In Lower School, Science begins with thought-provoking questions that spark further learning to deepen and build understanding. Students engage in hands-on investigations rooted in environmental science designed to foster an appreciation of the world around them. Throughout their time on the River Campus, students explore, wonder, discover, and act as citizen scientists, conducting experiments and solving real-world problems. Teachers work closely with the interdisciplinary integrator team to build in STEAM activities tailored to each curricular unit. Teachers and students take advantage of the campus and surrounding areas, such as Riverdale Park. “We value science that happens outside the classroom and see children as natural field scientists,” says Lower School Science Coordinator Traci Pearl, “Students go on nature walks, have free play in the pine forest, work in the gardens, make observations, ask questions and develop a deep appreciation of the natural world. Our environmental education program is emergent and closely linked to the classroom science curriculum. Student curiosity is nurtured and fueled by their engagement in science at the Lower School.”
“Riverdale students begin their scientific exploration in PreK when they start to consider those essential questions,” says Associate Head of Lower School for PreK-2nd grade Natasha Schmemann. PreK students begin by contemplating the question “What is science?” at their science table and on weekly nature walks, where they develop an appreciation for the environment.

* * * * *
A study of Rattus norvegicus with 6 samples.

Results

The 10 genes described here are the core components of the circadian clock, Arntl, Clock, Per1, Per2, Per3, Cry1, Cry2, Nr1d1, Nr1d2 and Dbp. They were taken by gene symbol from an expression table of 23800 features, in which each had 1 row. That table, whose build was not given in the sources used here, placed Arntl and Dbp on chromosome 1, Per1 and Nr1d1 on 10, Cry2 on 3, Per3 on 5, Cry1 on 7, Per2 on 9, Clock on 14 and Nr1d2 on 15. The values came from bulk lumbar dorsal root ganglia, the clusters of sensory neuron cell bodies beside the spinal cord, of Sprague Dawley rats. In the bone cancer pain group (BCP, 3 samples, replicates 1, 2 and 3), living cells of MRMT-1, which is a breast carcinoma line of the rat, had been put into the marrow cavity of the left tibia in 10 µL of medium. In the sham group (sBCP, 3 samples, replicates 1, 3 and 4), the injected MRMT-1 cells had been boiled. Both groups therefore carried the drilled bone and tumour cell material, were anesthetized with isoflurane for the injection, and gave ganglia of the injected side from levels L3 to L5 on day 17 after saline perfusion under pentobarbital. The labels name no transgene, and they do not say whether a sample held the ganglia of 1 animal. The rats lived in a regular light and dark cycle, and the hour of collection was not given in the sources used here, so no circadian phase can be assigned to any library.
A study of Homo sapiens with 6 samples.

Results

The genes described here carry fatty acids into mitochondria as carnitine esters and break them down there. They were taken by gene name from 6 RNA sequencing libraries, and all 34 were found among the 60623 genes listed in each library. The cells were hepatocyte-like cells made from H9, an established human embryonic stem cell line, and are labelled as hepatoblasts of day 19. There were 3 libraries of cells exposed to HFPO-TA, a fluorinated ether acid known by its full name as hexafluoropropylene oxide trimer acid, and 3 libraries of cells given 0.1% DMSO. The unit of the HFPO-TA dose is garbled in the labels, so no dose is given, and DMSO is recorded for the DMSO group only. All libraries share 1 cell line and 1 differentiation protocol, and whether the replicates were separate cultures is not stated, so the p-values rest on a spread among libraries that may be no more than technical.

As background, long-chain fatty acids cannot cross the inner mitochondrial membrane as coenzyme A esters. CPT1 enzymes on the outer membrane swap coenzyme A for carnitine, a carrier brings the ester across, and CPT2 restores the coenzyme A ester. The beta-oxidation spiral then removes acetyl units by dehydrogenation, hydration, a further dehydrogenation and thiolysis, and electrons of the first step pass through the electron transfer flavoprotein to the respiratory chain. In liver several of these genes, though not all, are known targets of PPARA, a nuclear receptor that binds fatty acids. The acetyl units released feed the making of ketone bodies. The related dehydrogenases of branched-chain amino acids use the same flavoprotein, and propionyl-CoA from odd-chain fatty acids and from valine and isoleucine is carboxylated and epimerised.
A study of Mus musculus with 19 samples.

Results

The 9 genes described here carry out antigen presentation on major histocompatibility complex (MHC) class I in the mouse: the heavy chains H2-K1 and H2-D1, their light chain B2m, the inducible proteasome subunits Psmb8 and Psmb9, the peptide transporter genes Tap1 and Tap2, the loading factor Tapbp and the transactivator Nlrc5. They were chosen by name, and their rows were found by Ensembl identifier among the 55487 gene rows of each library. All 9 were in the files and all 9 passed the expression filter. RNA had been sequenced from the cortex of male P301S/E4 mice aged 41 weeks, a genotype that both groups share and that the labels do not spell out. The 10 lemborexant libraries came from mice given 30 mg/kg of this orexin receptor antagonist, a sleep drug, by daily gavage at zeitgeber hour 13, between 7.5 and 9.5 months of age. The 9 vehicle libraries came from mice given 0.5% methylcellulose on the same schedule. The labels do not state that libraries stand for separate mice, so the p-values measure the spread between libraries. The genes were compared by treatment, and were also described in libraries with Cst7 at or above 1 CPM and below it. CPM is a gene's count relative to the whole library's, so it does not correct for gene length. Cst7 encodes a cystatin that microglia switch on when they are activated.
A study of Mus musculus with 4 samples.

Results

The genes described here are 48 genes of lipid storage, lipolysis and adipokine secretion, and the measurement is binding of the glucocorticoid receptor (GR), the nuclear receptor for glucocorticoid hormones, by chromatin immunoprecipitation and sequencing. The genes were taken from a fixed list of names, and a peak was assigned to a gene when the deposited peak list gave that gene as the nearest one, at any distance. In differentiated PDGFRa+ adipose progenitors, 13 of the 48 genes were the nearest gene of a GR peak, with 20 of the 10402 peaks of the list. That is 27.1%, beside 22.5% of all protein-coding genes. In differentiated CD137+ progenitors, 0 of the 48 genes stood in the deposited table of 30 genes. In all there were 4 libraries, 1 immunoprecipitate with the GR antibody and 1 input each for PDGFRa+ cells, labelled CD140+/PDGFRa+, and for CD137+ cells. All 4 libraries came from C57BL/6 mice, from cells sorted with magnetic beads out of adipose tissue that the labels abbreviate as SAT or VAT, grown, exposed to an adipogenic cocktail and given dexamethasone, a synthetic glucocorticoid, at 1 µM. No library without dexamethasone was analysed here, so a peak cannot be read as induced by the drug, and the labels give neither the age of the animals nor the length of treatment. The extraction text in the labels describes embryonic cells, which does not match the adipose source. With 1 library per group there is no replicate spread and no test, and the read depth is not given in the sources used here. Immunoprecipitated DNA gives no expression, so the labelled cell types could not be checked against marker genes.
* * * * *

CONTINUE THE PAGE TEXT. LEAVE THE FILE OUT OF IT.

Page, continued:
In Kindergarten, students begin the year exploring the question, “What lives on our campus, in the woods and in our gardens?” They study the role birds play on our campus and participate in an interdisciplinary study of sound and communication.
First graders look at cycles throughout the year, questioning, “what is matter and how does it change?” by focusing on the water cycle and how it’s linked to weather, life cycles and adaptations, and investigating the ways living and nonliving things interact and depend on each other within an ecosystem.
In second grade, students evaluate how they interact with and impact systems on the River Campus and our city. Going behind the scenes to look at many of the systems that help our school and our city run, students will investigate and answer two questions over the year: “Where does my trash go when I throw it away? and “How do the lights in my classroom work?”
“Upper learning students continue their engagement in the inquiry process, diving into a deeper understanding of how questions drive understanding and how the inquiry process is cyclical, fueled by observations and discoveries,” says Associate Head of the Lower School for grades 3-5 Ellen Greengrass. Third graders start the year by examining the many different ways to grow plants, from discovering how many seeds you can get from a single seed, to planting potatoes in a container garden and setting up alternate growing systems such as aeroponics and aquaponics. They wrap up the year with a deeper look at the Hudson River and how it’s changed over time with human impact.
In fourth grade, students develop a deeper understanding of Earth’s place in the solar system and our planet’s structure, exploring Earth’s dynamic systems, human impact, and climate change.
In their final Lower School year, fifth graders participate in a semester-long study of water in our world and on the Riverdale campus. They start by investigating water’s physical and chemical properties and then consider our relationship to water, water access, and the impact of pollution on living things.
This approach of asking and answering scientific questions instills in students a sense of responsibility for their own environment as well as the Earth that helps them appreciate their role as curious learners and stewards of the natural world.